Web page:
Farm dinner

SINCE THE START 50 years ago, Kenny Hoard, 83, says he has been attending the Ray County Fair. 

RICHMOND – Christal Milligan and Samantha Doss pull the lids off several boxes that each contain dozens of cookies.

Warm, soft, delicious chocolate chip cookies.

Other cookies, too.

The disks of goodness are spread across two tables for the scores of people who begin piling into the pole barn at the Ray County Fairgrounds for the Annual Farmers Appreciation Dinner.

“We bake them,” Milligan says, at Oak Ridge Assisted Living.

“It was hot in that kitchen, let me tell you,” Doss says.

Oak Ridge, like other businesses, provide food for the free dinner for good reason, Milligan says.

“We want to honor our farmers and let them know Oak Ridge is here to help,” she says.

Rep. Peggy McGaugh stands at the front of the serving line. She hands out plates and cutlery for people who line up for barbecue from Nadlers, hotdogs, baked beans and other items.

“This is the fun part” of the public servant job, she says.

After going through the food line, most of the roughly 300 guests stop by a tub filled with ice, with cold beverages served by the 2019 Ray County Fair queen, Isabelle Rogers.

The Richmond Chamber of Commerce sponsors the dinner.

“The Chambers wants to show support to the agricultural community because we realize they make a significant contribution to the economy of Ray County and Richmond,” chamber Director Natalie Lamar says. “We want to thank the volunteers who came and helped serve the community.”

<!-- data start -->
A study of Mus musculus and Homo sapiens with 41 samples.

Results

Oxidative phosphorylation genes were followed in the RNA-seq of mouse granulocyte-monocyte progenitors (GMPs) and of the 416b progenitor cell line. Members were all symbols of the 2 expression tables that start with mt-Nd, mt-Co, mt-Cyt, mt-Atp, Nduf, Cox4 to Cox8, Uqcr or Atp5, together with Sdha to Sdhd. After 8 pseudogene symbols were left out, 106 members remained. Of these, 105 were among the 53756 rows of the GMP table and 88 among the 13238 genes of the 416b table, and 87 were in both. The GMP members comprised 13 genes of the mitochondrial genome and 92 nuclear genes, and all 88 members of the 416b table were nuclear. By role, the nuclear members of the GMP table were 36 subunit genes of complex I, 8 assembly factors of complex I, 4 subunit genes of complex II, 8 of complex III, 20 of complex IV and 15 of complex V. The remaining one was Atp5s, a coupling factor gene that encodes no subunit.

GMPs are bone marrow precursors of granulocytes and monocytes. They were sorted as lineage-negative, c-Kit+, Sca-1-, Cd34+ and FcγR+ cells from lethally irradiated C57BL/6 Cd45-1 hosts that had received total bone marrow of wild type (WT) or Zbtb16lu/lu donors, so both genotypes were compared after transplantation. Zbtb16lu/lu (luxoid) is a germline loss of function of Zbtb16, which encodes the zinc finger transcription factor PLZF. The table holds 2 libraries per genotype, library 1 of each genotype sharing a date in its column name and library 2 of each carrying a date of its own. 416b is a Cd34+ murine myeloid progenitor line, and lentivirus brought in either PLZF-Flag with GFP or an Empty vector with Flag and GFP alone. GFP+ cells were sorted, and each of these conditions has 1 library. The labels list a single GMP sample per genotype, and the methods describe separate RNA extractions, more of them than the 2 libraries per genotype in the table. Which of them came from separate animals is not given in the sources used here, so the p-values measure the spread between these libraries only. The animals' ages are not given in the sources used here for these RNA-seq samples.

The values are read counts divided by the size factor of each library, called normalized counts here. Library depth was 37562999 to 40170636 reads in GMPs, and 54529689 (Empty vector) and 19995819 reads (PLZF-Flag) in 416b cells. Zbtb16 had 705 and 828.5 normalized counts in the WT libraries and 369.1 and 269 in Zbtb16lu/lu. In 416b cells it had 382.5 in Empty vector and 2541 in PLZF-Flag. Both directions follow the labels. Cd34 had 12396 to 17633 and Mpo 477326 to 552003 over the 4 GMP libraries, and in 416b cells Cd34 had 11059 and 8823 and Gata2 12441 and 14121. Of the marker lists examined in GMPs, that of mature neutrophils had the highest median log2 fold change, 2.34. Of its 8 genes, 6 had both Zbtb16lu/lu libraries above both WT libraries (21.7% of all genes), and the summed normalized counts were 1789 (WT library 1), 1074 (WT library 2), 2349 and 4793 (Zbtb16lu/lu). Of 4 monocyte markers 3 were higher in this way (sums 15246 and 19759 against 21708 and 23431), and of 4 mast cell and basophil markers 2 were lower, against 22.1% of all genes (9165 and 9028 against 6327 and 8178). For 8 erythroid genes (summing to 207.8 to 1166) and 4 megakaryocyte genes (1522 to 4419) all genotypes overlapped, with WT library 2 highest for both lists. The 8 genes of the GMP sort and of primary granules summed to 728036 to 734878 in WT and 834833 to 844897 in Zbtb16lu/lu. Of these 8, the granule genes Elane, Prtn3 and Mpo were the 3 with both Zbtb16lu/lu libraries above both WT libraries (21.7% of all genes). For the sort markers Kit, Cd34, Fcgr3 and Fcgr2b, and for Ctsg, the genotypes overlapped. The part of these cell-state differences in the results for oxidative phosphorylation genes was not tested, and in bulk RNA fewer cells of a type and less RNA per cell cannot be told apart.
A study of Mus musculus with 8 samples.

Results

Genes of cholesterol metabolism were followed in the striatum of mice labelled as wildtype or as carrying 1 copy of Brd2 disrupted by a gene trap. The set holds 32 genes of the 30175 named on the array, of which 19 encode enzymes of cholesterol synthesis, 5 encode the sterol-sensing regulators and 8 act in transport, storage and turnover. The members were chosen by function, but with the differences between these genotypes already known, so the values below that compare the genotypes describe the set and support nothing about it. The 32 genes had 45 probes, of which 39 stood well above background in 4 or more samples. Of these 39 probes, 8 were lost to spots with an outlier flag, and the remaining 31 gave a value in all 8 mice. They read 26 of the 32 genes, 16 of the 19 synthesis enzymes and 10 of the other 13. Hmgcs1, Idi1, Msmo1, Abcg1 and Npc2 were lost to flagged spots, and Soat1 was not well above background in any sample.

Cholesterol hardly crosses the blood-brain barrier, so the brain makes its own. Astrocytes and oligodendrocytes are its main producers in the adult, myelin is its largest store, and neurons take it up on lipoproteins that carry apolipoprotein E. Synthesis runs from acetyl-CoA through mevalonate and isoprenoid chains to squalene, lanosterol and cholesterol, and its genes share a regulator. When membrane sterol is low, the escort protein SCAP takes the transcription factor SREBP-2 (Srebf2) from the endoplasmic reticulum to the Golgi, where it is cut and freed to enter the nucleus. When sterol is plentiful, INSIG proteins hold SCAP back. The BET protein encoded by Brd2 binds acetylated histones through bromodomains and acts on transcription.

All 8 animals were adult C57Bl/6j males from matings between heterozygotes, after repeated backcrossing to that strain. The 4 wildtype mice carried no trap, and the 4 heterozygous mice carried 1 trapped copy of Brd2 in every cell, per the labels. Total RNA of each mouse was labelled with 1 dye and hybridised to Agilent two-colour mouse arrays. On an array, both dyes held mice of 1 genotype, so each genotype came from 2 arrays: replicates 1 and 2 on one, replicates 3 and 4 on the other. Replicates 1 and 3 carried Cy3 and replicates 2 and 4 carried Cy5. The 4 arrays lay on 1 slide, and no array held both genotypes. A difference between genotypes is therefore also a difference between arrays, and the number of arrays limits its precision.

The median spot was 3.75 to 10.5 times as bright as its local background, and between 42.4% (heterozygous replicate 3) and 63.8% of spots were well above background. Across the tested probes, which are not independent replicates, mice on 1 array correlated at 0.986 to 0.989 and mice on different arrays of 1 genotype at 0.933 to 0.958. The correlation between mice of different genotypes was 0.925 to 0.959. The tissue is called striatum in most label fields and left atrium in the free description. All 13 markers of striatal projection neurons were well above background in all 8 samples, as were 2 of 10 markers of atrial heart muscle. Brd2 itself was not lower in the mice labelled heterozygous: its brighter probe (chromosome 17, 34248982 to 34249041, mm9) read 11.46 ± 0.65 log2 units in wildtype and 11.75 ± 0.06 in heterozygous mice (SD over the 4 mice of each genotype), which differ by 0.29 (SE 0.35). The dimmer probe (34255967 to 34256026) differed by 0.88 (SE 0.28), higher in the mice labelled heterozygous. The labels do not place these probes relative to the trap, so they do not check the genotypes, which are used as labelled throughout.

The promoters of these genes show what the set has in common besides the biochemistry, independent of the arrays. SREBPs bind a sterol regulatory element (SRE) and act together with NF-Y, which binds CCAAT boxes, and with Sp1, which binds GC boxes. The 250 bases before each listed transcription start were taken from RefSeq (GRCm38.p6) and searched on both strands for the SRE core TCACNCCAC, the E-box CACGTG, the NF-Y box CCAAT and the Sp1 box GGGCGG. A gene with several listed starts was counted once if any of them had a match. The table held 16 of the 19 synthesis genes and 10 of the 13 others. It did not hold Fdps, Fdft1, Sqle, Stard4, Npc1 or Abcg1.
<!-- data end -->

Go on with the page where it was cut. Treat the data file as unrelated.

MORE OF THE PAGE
After serving, McGaugh recognized the Ray County Fair Association for 50 years of community service.

With a plate of food in hand, Jami Penny says the dinner and fair are always fun.

“The good and the kids getting to sell their animals” keep her coming back, she says.

Beverly Phipps, coming off the food line, offers the same perspective.

“I do love this (dinner),” she says, “but I love the auctions, too.”

Kenny Hoard, 83, says he has been coming to the appreciation dinner since the start 50 years ago. He used to compete in demolition derbies, but not these days.

“I’m too old for it,” Hoard says.

But he is not too old to enjoy the dinner.

“(I come) just to see the people and the animals and the fellowship,” he says. “These are good times.”